The importance of power in peacebuilding

Integral mission and theologyPeacebuilding

In the last of a short set of posts looking at concepts for peacebuilding, I want to talk about power and how power works within relationships. Power is always relevant to peacebuilding, so it is important to think about how it works, what the Bible tells us about God’s power and how Christians should think about power as they engage in peacebuilding work.

Cross. Photo: Diana Vargas/Unsplash
Photo: Diana Vargas/Unsplash

Power is the capability to act or to effect change. It always works in relationships, between people and between people and objects. For example, power dynamics are a key factor in the way that diversity and inclusion (which I wrote about in a recent post) exist within communities. People often use power to exclude or oppress those who are different from them, or try to claim power by resisting oppression. This is one of the reasons why it’s important for peacebuilders to think about power. 

The Bible tells us that power is a characteristic of God. God’s power is creative and discerning: he has the power to make the universe and to tell good from evil. In Genesis we see that humanity is made in God's image and given power and authority to govern creation – in a way that shows God's character. [1] But power can also be misused, leading to injustice and conflict. 

We see this repeatedly after the Fall – for example, in Cain’s violent use of physical power over Abel, or Pharaoh’s exercise of power over the Israelites. A more complex example is the story of Jacob and Esau. Here, Rebecca and Jacob’s desire for the status and power that are the inheritance of the oldest son leads them to trick Isaac and create ongoing conflict between Jacob and Esau. 

In the New Testament, we see Jesus criticising the Pharisees’ love of their position of power (Luke 11:43) because it excludes people. And dealing with James and John’s requests that they be allowed to sit at his right and left hand in glory creates discord among the disciples until Jesus tells them, ‘Whoever wants to be great among you must be your servant.’ (See Mark 10:35–45.)

‘God’s power is creative and discerning: he has the power to make the universe and to tell good from evil.’

However, power is not all bad: it continues to have positive potential. Andy Crouch, author and partner for theology and culture at Praxis, has talked about the fact that although Jesus models servanthood for us – for example, in his washing of his disciples’ feet (John 13:1–16) – he does not deny the power he has as God’s Son. It is not that Jesus becomes powerless, but that he doesn’t worry about the privilege and status that humans often associate with power. Instead, Jesus shows us that power is a characteristic of God, which we possess as image bearers, but which we should be willing to use or lay aside to pursue justice and peace.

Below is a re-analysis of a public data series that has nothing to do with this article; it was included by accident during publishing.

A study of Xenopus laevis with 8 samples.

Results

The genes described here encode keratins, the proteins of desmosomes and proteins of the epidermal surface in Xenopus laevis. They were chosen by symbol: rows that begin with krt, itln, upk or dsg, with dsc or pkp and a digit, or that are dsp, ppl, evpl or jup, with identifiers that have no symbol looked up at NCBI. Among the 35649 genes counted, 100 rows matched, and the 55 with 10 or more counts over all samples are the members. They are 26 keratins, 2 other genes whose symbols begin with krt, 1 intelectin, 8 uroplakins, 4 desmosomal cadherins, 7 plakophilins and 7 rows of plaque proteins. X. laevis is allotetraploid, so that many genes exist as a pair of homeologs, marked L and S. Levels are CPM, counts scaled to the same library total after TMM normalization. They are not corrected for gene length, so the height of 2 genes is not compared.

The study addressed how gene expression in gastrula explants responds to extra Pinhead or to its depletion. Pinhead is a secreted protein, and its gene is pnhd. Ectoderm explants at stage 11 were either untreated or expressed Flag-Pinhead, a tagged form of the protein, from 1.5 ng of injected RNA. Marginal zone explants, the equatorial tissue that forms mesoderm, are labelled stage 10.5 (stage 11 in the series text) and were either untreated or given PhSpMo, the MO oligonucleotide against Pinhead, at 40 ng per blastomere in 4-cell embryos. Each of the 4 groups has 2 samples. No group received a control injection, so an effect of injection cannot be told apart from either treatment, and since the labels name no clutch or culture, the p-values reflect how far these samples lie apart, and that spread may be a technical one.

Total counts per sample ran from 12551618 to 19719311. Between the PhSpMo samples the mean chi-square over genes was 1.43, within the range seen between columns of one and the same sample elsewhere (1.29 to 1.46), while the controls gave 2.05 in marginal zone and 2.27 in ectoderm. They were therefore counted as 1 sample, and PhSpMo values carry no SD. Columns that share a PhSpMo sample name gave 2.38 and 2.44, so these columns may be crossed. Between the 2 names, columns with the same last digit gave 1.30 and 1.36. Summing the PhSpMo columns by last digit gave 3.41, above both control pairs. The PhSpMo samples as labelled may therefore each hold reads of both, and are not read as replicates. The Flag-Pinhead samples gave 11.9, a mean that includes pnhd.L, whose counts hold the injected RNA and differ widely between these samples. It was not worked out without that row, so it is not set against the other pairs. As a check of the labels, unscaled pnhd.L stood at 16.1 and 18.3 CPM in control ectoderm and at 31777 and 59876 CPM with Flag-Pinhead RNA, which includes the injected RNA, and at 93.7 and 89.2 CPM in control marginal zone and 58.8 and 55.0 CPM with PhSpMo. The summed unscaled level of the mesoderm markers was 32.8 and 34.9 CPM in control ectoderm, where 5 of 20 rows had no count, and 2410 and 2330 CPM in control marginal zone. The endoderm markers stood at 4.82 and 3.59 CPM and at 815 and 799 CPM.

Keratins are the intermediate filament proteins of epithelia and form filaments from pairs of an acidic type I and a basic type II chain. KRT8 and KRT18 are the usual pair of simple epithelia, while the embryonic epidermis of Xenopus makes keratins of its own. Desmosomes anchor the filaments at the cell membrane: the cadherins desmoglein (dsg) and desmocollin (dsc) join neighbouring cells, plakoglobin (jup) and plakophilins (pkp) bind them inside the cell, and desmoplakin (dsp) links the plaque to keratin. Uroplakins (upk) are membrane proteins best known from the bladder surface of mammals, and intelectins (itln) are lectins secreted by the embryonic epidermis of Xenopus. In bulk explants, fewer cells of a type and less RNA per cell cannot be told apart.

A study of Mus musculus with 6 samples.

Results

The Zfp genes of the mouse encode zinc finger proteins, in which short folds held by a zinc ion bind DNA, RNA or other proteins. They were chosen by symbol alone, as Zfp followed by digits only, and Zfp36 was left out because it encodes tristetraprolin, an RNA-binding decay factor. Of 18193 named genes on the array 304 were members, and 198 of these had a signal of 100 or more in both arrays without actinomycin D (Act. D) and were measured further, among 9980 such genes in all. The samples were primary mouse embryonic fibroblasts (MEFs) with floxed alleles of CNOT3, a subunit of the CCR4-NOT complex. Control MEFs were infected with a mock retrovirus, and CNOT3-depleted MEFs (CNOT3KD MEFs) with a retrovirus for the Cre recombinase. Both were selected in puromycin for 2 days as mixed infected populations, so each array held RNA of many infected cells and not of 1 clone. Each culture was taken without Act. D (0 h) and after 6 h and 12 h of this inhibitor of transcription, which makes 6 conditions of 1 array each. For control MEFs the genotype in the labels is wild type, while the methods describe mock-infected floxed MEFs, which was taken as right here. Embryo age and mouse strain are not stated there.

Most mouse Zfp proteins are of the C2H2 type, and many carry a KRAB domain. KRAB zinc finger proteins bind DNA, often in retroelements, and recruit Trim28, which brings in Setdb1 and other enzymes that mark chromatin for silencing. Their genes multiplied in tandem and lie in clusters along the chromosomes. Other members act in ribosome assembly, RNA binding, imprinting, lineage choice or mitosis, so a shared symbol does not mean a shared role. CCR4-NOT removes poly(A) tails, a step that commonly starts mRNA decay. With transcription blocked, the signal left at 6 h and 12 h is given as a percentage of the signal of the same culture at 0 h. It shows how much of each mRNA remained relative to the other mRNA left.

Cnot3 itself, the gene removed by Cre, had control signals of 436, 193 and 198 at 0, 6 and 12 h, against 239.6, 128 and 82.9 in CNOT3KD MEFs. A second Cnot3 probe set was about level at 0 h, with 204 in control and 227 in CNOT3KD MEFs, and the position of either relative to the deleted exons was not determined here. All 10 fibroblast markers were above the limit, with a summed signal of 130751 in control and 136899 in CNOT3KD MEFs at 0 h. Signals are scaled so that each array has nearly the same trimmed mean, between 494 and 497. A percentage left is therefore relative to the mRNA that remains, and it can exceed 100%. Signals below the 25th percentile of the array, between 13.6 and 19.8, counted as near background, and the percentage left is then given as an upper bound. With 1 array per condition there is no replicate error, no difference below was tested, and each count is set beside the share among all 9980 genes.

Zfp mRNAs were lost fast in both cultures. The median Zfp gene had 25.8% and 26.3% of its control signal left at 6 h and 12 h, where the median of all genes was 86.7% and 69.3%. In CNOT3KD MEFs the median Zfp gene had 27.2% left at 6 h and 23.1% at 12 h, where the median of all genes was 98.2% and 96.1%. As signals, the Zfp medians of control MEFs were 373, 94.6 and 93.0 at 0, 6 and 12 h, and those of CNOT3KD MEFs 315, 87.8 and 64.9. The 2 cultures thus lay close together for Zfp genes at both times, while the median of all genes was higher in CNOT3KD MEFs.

To bring the kingdom of God into being, we need to show this willingness to give up the status or privilege of power. We should be accountable to others in the way we possess, express and use power. It should always help to open up relationships between humans and God. This is seen most clearly in Jesus, who could have used his power to escape the cross. 

Paul describes what Jesus did instead in his letter to the Philippians: ‘In your relationships with one another, have the same mindset as Christ Jesus: Who, being in very nature God, did not consider equality with God something to be used to his own advantage; rather, he made himself nothing by taking the very nature of a servant, being made in human likeness. And being found in appearance as a man, he humbled himself by becoming obedient to death – even death on a cross!’ (Philippians 2:5–8) 

As peacebuilders it is important to be aware of power in two ways. First, we need to be aware of the historical power relationships between those who are in conflict, so that a peacebuilding process can begin to deal with misuse of power. Second, we need to be aware of our own power and of historical power dynamics between our own culture and others, in relation to the people we are working with, so that we do not accidentally create additional problems.  

[1] If you are interested in learning more about the theology of the image of God, you can read Tearfund’s essay collection Made in the image of God.

Hannah Swithinbank
Hannah Swithinbank is Tearfund’s Theology & Network Engagement Manager.